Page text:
I’m often conflicted when thinking back to the good old days and equating them with my childhood. I’m 46, which hardly makes me a dinosaur, but I’m also old enough to remember another generation. If the old days were so good, how did we make so many advancements in the years that followed?

Sports are more popular and lucrative than ever. Almost any game can be found on television these days for a reasonable price. The Internet brings us closer to our favorite teams with daily emails, news updates and highlights, all in a few seconds with a few buttons on our telephones. It’s a faster, bigger world.

Is that better?

I guess so, but the progress made and billions generated by sports these days also came with a communal price that cannot be measured. Take college doubleheaders, which are virtually extinct in downtown Buffalo. The twin bill Wednesday night in First Niagara Center was a reminder of when basketball was big in Western New York.

Davidson met Niagara in the opener while Canisius and UB played in the nightcap. With so much happening in a faster world, the event was easy to ignore. When there were fewer distractions, and no video games, three local college teams playing under the same roof would have been a hot ticket in town and a must-see for any hoops junkie.

Bobby Hurley, UB’s first-year coach, wondered the other day if the joint would be packed. Not quite, Bobby. Two games for $20 was a bargain Wednesday, but only 3,233 fans showed up to see a pair of games that were worth the price of admission. Niagara beat a sound Davidson team and Canisius took over in the second half to beat UB.

The evening left people longing for the good old days.

“No question,” Canisius coach Jim Baron said. “Something is missing. Buffalo is a great town for sports. I go to the Sabres games. I go to the Bills games. We have great college basketball here, great high school basketball here. There’s enough for everybody. It’s a great town. People had a chance to see some excellent basketball.”

Baron played for St. Bonaventure at a time when basketball was booming in Buffalo.

These days, he spends time handing out tickets and reminding students when the Golden Griffins have a game. They didn’t need to be told years ago because they knew along with every other Buffalo sports fan.

Times have changed, indeed.

You don’t need to go back to Bob Lanier and Calvin Murphy for evidence of when Buffalo was a great basketball town. Kids, ask your parents about Ray Hall and Mike Smrek or Gary Bossert and Joe Arlaukas, or even Ed Book and Jeff Taggart. They were household names in Western New York in the 1980s.

Canisius and Niagara weren’t perennial powerhouses, but they mattered. If you’re old enough, you remember rolls of toilet paper raining from the blues and oranges after Canisius made its first basket of the game. It was entertaining. The college game in general was more innocent, more pure, than it is today.

When Buffalo had an NBA team, high schools often played the opener of a doubleheader followed by the Braves game. The community was involved.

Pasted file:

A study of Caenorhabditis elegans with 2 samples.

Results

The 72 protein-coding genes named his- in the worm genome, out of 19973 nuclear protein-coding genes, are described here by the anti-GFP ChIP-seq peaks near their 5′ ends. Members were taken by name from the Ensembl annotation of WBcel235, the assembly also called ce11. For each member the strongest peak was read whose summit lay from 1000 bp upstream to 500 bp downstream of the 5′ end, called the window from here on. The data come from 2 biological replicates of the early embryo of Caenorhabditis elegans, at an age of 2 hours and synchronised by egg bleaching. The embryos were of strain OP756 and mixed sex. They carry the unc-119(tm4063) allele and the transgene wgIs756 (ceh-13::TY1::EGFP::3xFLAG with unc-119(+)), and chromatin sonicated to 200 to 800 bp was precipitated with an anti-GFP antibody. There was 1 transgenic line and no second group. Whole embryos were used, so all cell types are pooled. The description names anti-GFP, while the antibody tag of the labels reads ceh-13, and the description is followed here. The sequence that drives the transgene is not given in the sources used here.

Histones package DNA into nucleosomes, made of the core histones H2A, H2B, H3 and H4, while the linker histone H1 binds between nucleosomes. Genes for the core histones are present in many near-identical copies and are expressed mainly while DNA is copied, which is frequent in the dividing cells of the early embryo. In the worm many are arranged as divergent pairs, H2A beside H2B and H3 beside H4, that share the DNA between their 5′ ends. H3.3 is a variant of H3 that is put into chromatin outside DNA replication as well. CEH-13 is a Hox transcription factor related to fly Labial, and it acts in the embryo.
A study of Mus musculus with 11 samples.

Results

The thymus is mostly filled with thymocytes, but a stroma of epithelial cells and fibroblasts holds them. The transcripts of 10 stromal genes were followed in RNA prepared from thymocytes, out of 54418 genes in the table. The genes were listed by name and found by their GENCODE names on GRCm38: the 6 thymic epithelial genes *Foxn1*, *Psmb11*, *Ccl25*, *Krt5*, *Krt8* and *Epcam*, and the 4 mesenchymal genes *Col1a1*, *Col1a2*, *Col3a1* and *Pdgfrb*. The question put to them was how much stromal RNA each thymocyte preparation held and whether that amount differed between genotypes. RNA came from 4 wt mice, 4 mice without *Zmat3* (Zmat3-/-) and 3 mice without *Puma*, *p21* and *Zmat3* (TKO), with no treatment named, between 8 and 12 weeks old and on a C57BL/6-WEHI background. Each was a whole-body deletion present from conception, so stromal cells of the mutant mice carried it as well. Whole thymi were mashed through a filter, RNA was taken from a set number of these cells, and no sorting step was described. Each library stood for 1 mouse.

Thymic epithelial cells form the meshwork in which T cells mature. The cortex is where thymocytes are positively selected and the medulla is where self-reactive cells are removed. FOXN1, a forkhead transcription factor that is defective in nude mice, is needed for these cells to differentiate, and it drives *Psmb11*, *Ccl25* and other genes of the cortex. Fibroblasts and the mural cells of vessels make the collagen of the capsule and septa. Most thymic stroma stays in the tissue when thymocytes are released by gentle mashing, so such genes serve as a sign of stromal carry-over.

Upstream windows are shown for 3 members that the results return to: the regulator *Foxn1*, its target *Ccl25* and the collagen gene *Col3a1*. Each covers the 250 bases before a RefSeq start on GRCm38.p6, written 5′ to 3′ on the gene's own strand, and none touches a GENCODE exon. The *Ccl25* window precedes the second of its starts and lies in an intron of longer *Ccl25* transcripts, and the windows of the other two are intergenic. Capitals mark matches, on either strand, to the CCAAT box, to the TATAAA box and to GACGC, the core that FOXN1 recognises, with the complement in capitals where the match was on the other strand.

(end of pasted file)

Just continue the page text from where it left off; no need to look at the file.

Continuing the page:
The region churned out terrific Division I players, too. Hall was recruited across the country but stayed home. Lester Rowe played at West Virginia. Curtis Aiken was a star at Pitt. Bossert once helped Niagara beat third-ranked St. John’s at the Niagara Convention Center.

Cliff Robinson landed at UConn and had a great NBA career. Christian Laettner led Duke to two national championships and was one of the best players in NCAA history. He returned with Duke, and Hurley, before a full house at the Aud. Save a few players, Buffalo basketball dried up once Laettner left.

It’s not as if Canisius, Niagara and St. Bonaventure became irrelevant, but they did become less relevant on the local scene. By the time UB arrived with a Division I program, it was too late to grab the attention of the masses. The Big Four has a nice ring, but really it’s little more than four teams struggling for regional support.

Let’s be honest, the average Buffalo sports fan these days would have difficulty naming six players in the Big Four. Mark Schmidt has been coaching at St. Bonaventure for seven years, but he remains mostly an obscure figure. Hurley has been here for eight months, hasn’t played in years and is the biggest basketball name in Buffalo.

“We just have to connect the dots. That’s all,” Baron said. “It has to be collectively done to really motivate the people – fans, parents, children, to come down and be a part of it. … I’m mystified. You do have a lot of intelligent fans in this city. All you have to do is ask them. You have more coaches here than any city I’ve been around.”

What happened? How did the game grow across the country but shrink here?

Television and the Internet contributed, but there were other factors. Families became busier. They had less leisure time and less money. First Niagara Center (nee Crossroads Arena) didn’t have the same charm as the old Auditorium. The seats were farther away. It became too expensive for the local colleges to rent the building. Economics took over.

And Buffalo became a stronger hockey town. The number of kids playing hockey coincides with the interest level of the Sabres.

The doubleheader Wednesday night took us back to a different world in which sports were less of a business. Let’s not forget the real reason for the event. Buffalo is hosting the NCAA Tournament in March, and a dress rehearsal was among the requirements. The arena will be full in four months, and Buffalo basketball will be alive again.

Here’s hoping local hoops eventually grows with the times. Maybe it could even return to the good old days.